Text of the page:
Don’t Throw That Away!

Throw away ideas.

According to my ball busting, kickass editor and good friend Renee Murphy, there is no such thing. I usually disagree with her, just because that is what a goddess’ second does, but in this I’m inclined to agree.

Remember that saying, “Don’t be a sore winner?” Well, Renee is a sore winner and, as a result, I’m writing this post in response to her challenge. I am to pull a detail from my last manuscript (ironic, seeing as I haven’t even finished my first) that’ll work icc_red_pen_editn a sequel. Of course, I tried to slide out of it by reminding the Editor Goddess that I have no finished manuscript, but she knows me too well. I’m always thinking ahead and she knows it.

In my first run through of my book (we’ll call it Book 1, since I’m holding the actual title hostage) I found something intriguing within the first chapter. In a flashback sequence, there is a conversation between two characters, one named and one unknown. At the time I didn’t think it important, but four months and twenty-one chapters later, I received a pleasant surprise.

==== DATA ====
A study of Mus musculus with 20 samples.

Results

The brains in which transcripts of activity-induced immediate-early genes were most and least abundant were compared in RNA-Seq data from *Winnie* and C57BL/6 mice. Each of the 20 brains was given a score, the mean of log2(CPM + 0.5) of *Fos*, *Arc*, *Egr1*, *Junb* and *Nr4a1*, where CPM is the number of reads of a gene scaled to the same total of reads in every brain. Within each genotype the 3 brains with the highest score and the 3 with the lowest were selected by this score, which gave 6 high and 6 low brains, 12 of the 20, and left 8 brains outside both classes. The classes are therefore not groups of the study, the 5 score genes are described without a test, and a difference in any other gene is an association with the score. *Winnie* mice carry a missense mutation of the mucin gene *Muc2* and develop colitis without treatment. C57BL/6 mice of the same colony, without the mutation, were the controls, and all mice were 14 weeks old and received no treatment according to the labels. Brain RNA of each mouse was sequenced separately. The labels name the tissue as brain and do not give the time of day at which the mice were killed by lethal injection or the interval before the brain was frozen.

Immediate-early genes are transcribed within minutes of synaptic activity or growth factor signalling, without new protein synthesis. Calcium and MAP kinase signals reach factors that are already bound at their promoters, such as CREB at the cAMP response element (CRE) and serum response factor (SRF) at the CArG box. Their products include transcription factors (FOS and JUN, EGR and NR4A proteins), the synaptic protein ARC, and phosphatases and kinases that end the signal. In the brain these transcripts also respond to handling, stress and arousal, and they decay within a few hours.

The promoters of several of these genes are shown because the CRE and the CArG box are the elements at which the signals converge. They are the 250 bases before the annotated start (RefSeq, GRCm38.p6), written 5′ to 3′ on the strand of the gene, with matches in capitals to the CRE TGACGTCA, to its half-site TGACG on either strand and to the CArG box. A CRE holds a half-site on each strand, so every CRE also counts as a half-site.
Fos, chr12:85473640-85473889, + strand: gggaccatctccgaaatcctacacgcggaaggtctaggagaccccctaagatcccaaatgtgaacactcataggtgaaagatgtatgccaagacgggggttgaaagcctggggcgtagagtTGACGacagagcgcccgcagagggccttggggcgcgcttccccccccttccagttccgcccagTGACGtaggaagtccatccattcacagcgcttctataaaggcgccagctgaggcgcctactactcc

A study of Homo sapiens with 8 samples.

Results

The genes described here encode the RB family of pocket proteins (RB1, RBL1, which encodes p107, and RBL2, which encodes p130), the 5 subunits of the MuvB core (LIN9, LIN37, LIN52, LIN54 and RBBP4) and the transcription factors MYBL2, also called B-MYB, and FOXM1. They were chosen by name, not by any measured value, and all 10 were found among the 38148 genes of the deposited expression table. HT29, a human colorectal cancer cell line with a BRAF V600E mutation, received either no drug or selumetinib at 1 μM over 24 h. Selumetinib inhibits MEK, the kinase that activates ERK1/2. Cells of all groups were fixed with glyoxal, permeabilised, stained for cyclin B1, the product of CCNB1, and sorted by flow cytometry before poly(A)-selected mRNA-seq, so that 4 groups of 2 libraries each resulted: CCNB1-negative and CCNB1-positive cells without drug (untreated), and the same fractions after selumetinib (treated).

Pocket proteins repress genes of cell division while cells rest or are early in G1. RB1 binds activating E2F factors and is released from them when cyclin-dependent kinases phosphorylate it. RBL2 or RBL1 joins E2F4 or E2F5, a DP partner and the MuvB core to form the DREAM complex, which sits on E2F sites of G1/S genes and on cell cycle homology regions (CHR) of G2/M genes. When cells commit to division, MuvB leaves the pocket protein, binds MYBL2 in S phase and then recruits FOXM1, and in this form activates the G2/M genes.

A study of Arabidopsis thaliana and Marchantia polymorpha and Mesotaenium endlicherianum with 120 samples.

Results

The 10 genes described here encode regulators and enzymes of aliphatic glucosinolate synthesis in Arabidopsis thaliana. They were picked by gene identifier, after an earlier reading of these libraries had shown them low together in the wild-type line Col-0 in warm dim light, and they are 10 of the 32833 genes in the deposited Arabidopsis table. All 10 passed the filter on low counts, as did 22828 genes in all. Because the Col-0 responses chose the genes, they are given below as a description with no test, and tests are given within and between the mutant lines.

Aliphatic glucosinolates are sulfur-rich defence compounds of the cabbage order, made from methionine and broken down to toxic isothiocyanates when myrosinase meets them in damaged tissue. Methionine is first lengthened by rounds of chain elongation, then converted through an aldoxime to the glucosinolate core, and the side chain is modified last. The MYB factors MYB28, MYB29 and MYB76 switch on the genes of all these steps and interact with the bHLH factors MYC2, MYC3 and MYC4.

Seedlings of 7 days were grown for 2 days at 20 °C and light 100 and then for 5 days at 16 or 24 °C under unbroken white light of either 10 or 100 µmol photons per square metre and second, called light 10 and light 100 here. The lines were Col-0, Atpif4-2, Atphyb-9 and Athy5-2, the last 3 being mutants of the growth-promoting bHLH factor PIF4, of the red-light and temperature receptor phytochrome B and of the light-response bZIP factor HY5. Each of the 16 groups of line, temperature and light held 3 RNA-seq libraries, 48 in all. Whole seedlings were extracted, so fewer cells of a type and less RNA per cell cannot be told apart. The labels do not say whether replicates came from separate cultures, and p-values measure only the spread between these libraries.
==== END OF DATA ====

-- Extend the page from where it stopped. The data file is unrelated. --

Turns out that unknown was someone I had previously “met” in a scene that I wrote months before and completely forgotten about. Imagine my surprise when he came back to let me in on a few nuggets of information and one huge secret that’ll have far reaching ramifications for the entire series.

Another example is the geis I have incorporate into the series mythology. The idea was originally given to me by the Editor Goddess herself when I consulted with her about a character named Augustine, the half-demon son of a witch.

In tradition Irish lore the geis is a form of magic that can be either a curse or a gift, of obligation or prohibition, depending on the individual placing it. In Augustine’s case it is a curse, manifesting physically as a band of stylized scrollwork around both his wrists that prevent him from harming humans. His counterpart, an incubus named Jourdan, also possesses a geis, though his are hereditary.

Originally, the geis was unique to Augustine alone, but after the discovery of what would come later in the series, I realized what my mind had been trying to tell me.

All of Jourdan’s kind possesses a geis, though theirs is of obligation, not prohibition. At first it didn’t seem like a huge discovery, until I continued plotting out my endgame for the series. It was then that I realized in simply being a sounding board for me, my Editor had given me the solution I’d been racking my brain about for months.

Long story short, nothing idea/detail is insignificant. Even if you feel like that person who served drinks at in the scene is just a bartender or if they’re really the guy that ends up shooting your main character in a back alley in the sequel later.

My advice? Write every single thing down. Make sticky notes. Pin up napkins with scribbled ideas on them. Your mind is a vast and imaginative thing, and you never know if what it’s churning out is a slam dunk or not, but why risk forgetting it?